Alumni Interview: Patti Vasquez

The Chicago comedian on storytelling, being a daddy’s girl and what to do when the universe says “not so fast"

Chicago comedian Patti Vasquez ’03 LAS says, “Comedy is all about storytelling.” She also does radio six nights a week. (Image by Lloyd DeGrane)
The Chicago comedian on storytelling, being a daddy’s girl and what to do when the universe says “not so fast"

Comedians live life a little more intensely. Things that other people endure, we take as a slight. I was at a restaurant the other day, and these two women were standing in front of the bathroom sink. They were done, but they wouldn’t move. I said, “Excuse me?” I had to wash my hands between them while they kept on talking. I don’t know how, but they beat me to the front door, so I couldn’t get out. I said, “Excuse me.” Nothing. When I tried to get past, my shirt got caught on one woman’s purse. She didn’t even realize it. Then, when I was getting my car from the parking lot, there they were again! Walking right down the middle of the aisle, living in their own universe. What is it with these people?

For me, comedy is all about storytelling. That’s why I do standup and not sketch. I’ve loved standup since I was a kid when my parents let me stay up and watch Johnny Carson. I used to love going to the Improv on Wells [Street in Chicago] and watching the comedians, but it never occurred to me to actually do it until I saw Margaret Cho on a marathon of comedy on VH-1. She’s like me. Her parents were immigrants; she grew up with parents trying to assimilate. She had a certain rage about the treatment she received where she worked. A reviewer called her the zaftig Margaret Cho, which is not a compliment. No woman who hears the word zaftig feels good about it. But she was always good at having rage but not coming across as hostile and putting off the audience. I was fascinated by that.

I think comics are like philosophers, especially the ones who write from character, like Bill Cosby. He’s autobiographical, he takes elements of his life, his family, his kids, religion and weaves them into his stories. That’s what I aspire to—take the foibles of humanity and shed light on them. I always had a lot of stage presence, but when I was 21, I didn’t have a lot of material.

I always had a lot of stage presence, but when I was 21, I didn’t have a lot of material.

At Illinois, I was in Allen Hall. It was such a great dorm, filled with people from around the world, liberal arts students but also engineers. I was surrounded by people who motivated me to work harder. I was going to move to L.A., but then my dad got diagnosed with lung cancer.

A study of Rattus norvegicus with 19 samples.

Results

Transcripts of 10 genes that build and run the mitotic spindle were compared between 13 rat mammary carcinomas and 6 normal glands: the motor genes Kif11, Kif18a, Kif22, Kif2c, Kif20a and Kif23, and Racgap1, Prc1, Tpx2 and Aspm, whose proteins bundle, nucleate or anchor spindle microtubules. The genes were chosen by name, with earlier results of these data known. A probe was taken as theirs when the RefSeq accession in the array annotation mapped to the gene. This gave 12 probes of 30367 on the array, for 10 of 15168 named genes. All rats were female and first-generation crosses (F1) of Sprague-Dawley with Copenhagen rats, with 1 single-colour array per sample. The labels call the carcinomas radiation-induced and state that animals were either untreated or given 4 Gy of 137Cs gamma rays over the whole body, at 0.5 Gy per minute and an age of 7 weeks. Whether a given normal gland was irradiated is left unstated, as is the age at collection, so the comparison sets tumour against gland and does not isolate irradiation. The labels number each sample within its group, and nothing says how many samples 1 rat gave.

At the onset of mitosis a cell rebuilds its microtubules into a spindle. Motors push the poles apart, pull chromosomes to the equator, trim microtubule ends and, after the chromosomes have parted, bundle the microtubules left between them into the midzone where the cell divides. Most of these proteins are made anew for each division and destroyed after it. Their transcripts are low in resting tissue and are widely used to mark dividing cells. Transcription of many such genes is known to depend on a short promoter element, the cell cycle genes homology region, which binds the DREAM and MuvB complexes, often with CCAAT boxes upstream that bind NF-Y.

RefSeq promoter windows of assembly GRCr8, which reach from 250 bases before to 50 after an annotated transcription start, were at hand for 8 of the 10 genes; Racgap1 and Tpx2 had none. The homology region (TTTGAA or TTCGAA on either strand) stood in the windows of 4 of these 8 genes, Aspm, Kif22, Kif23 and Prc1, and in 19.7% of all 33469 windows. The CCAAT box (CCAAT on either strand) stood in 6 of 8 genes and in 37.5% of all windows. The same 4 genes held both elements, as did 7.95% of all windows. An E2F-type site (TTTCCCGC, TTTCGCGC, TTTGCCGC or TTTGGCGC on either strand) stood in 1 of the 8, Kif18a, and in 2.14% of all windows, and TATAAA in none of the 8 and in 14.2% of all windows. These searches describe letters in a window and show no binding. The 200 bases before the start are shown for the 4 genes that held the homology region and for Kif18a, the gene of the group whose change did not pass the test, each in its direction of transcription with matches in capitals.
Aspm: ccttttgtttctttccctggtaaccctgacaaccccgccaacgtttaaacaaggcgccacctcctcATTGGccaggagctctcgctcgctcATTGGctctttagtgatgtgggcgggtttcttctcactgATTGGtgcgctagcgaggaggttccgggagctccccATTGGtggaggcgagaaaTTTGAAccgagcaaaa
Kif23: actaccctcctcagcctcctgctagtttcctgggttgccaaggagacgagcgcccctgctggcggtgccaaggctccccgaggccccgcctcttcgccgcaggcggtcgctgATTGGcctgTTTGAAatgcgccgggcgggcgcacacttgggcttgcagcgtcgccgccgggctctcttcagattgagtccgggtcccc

I made a choice that family was more important. My dad and I were really close. We were pals. I was a daddy’s girl—he taught me to play baseball. We lived in a small, one-bedroom apartment in Chicago, and he and I shared a bunk bed. My mom threw us both out of her bedroom. My dad was expelled because he was a smoker and a snorer, and I walked and talked in my sleep, so she went out and bought a bunk bed and put it in the dining room where I was exiled. He never made me think there wasn’t anything I couldn’t do. Before I walked down the aisle at my wedding, he pulled me aside and said, “You’re the kind of woman other women wished they were and little girls dream of being someday.”

This year, I was hired by WGN Radio to do three hours of radio six nights a week. I do everything—talk to politicians, play music, make fun of Donald Trump. I recently wrote Trump a letter of gratitude for the sign on his building. I thanked him for putting his name up and not his toupee, and I thanked him for reminding Chicago politicians to read the fine print.

Griffin is my oldest son. I had an amazing pregnancy, and I thought, “I can do this again!” In the first trimester with [my second son] Declan, the doctors told me he had an irregular heartbeat. The last two weeks there were more complications. When he was born, he was put on a ventilator and life support. He was missing part of his brain, fibers that make up the corpus calossum, which helps the two sides communicate. They said if he survived, he’d never walk or talk. He started walking at 3 and doesn’t speak yet, but he’s very emotive and knows how to tell you what he wants. It’s definitely a challenge, not what I signed up for. It’s like when you have dreams and plans, and the universe says “not so fast.” There’s no training, no preparation, you have to go into battle mode.

I started an organization called With Kind Words for health-care providers, to teach them how to have compassionate communication with parents who face a new set of circumstances. I do seminars, give workshops, do one-on-one coaching. That’s my next crusade.